Why Sisi should not seek constitutional amendments to remove term limitations

Without a clear vision, various social components are bound to clash, bringing back chaos and ruin.
Sunday 01/04/2018
An Egyptian woman casts her ballot at a polling station in Saad Zaghloul Basha school in Giza, on March 28.(AFP)
All eyes on turnout. An Egyptian woman casts her ballot at a polling station in Saad Zaghloul Basha school in Giza, on March 28.(AFP)

Egypt’s presidential elections could have been planned and carried out in such a way that might have shown real competition based on a genuine political diversity, one that could have boosted the dormant political scene in Egypt. Obviously, political parties, pressure groups and political activists are rather impotent in Egypt and historically the state has deprived the political class of any sense of initiative and capacity to propose a different project for the country.

Egyptian President Abdel Fattah al-Sisi certainly won enough votes to gain a second term but he stands to lose most of his wide popularity should he continue to adopt the same policies.

Implementing a wider political openness cannot occur by closing it from the beginning. The governing class in Egypt seems to be looking at the world and at Egypt’s role through the lenses of the 1950s and 1960s.

If the presidential elections are considered a mere formality that must be completed so the governing class can go on with the same policies, Egypt is heading towards instability that might lead to a political conflagration. I don’t know when it will occur but I do know how.

Egypt is like a pressure cooker without a safety valve. Steam is building up to a degree that nobody can see what’s ahead. Without a clear vision, various social components are bound to clash, bringing back chaos and ruin.

In 2013, Sisi was seen as Egypt’s “saviour” from a similar scenario. He, however, was unable to switch from his role of a “saviour” to president. His opponents, whom he described as incapable of producing election competitors, were also unable to switch from being in the opposition to being political activists.

Sisi’s programme for Egypt will change the country. His economic reforms have created a new dynamic in Egyptian society. Millions of people are suffering the consequences of those reforms but there are also millions of people who are reaping benefits and assuredly moving up the social ladder.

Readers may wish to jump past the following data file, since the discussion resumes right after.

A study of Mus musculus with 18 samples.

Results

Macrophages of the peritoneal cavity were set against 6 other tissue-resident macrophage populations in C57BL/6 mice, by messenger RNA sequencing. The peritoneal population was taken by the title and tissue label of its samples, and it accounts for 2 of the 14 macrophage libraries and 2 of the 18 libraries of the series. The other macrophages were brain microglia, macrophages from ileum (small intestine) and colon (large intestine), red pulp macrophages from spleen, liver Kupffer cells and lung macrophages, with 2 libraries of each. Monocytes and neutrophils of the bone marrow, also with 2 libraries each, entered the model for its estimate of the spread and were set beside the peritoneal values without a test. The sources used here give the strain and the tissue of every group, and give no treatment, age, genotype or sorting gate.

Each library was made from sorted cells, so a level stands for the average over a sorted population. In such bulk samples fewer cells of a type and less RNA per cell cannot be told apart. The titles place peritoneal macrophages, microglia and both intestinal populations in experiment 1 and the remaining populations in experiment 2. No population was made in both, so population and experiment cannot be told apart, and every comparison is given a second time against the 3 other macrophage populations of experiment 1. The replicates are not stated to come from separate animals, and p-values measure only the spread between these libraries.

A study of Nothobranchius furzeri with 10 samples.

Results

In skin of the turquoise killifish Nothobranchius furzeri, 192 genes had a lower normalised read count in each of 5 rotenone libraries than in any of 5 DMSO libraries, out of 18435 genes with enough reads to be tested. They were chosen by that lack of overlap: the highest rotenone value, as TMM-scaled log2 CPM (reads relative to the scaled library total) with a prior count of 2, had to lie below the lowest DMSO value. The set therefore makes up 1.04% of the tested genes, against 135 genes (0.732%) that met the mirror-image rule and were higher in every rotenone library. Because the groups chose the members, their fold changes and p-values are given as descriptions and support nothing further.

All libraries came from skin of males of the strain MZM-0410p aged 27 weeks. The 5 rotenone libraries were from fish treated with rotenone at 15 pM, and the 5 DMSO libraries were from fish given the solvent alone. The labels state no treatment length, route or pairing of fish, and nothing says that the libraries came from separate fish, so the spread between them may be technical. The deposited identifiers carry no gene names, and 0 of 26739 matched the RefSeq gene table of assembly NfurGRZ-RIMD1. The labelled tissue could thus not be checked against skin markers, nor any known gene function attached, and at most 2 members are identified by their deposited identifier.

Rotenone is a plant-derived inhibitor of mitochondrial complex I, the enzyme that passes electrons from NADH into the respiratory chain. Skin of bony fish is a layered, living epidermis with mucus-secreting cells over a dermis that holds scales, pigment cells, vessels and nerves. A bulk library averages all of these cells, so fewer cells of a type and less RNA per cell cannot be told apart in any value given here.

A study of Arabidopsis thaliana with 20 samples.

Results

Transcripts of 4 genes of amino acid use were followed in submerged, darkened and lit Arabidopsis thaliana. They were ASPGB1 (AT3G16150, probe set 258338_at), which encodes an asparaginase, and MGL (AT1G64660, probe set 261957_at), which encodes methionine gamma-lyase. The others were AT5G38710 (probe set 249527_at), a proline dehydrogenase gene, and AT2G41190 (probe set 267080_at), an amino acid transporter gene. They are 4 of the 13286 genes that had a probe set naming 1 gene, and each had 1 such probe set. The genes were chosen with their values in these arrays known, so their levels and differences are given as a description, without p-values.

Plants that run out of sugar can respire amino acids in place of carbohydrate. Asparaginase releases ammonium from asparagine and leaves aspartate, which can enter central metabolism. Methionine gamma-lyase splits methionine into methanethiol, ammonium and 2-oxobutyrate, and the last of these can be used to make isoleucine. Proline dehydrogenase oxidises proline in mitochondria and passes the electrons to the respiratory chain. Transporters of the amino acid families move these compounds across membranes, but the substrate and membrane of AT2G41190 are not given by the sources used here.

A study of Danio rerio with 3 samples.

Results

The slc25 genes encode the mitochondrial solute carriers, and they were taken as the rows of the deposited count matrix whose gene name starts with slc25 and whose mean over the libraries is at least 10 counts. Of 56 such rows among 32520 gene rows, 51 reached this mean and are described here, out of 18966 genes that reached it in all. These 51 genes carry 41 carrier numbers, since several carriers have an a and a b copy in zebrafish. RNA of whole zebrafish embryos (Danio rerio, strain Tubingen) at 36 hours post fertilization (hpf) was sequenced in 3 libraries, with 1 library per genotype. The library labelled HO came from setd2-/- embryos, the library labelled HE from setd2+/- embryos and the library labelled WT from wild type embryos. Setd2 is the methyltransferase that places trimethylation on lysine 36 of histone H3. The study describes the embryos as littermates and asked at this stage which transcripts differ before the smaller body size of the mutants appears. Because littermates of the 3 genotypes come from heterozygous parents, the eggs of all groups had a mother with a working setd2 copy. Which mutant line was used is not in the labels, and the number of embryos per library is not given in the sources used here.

Sisi had no choice but to implement those reforms.

Luckily for Sisi, the Egyptian military had enough reserves of sympathy in the collective Egyptian consciousness that people were willing to turn a blind eye to the mistakes made in the tumult of sudden and sharp change.

In Egypt, the military has always been the seat of power. It is still counting on the general and undisputed acceptance by most Egyptians that it is qualified for that role. Sisi is a reflection of this institution.

His reform programme drags some super heavy weights: enormous debts, runaway spending on infrastructure projects and increasing pauperisation of the poor class because of unstoppable inflation. Unfortunately, the programme did not consider the fact that the state institutions and senior officials lacked awareness that Egypt is in a long transition period.

It is quite natural for the government to seek stronger legitimacy by encouraging people to vote en masse. However, legitimacy is just a means for a higher objective. If the legitimacy sought by the government is meant as a preamble for a possible constitutional amendment that would remove the limit of two presidential terms, then Sisi stands to lose the basis for the consensus that put him in power, namely that his mandate is part of the transition period only. Going beyond that limit risks backfiring on him.

A Sisi campaign clip claimed that the beginning of the end of his mission is to “reinforce the foundations of the state.” That ought to be the basis for Sisi’s second mandate.

Changes are in order and the first indicator of those changes ought to be more freedom for the media. The media enjoy an exceptional status in Egyptian society. Because of the political void in the country, the media plays the role of political parties. Talk show hosts, for example, have more followers than the oldest opposition entity in Egypt.

People in power must accept that doing politics is not always synonymous with comfort. Sisi seemed surprised to learn that people are afraid of speaking their minds. His promise to correct that seems to indicate that the all-powerful security bureaucracy in Egypt has been trying to insulate the president from the people.

There is no doubt that in his first term Sisi achieved double of what former Presidents Anwar Sadat and Hosni Mubarak combined achieved. The economy is breathing again, the army is strong and the country’s currency reserve is at its highest. The war on terror is gaining ground and foreign policy is on the right track.

Now there is a need to see a better model for authority, more investment in education, health and general services and greater freedom of expression or else steam will build up and visibility becomes zero.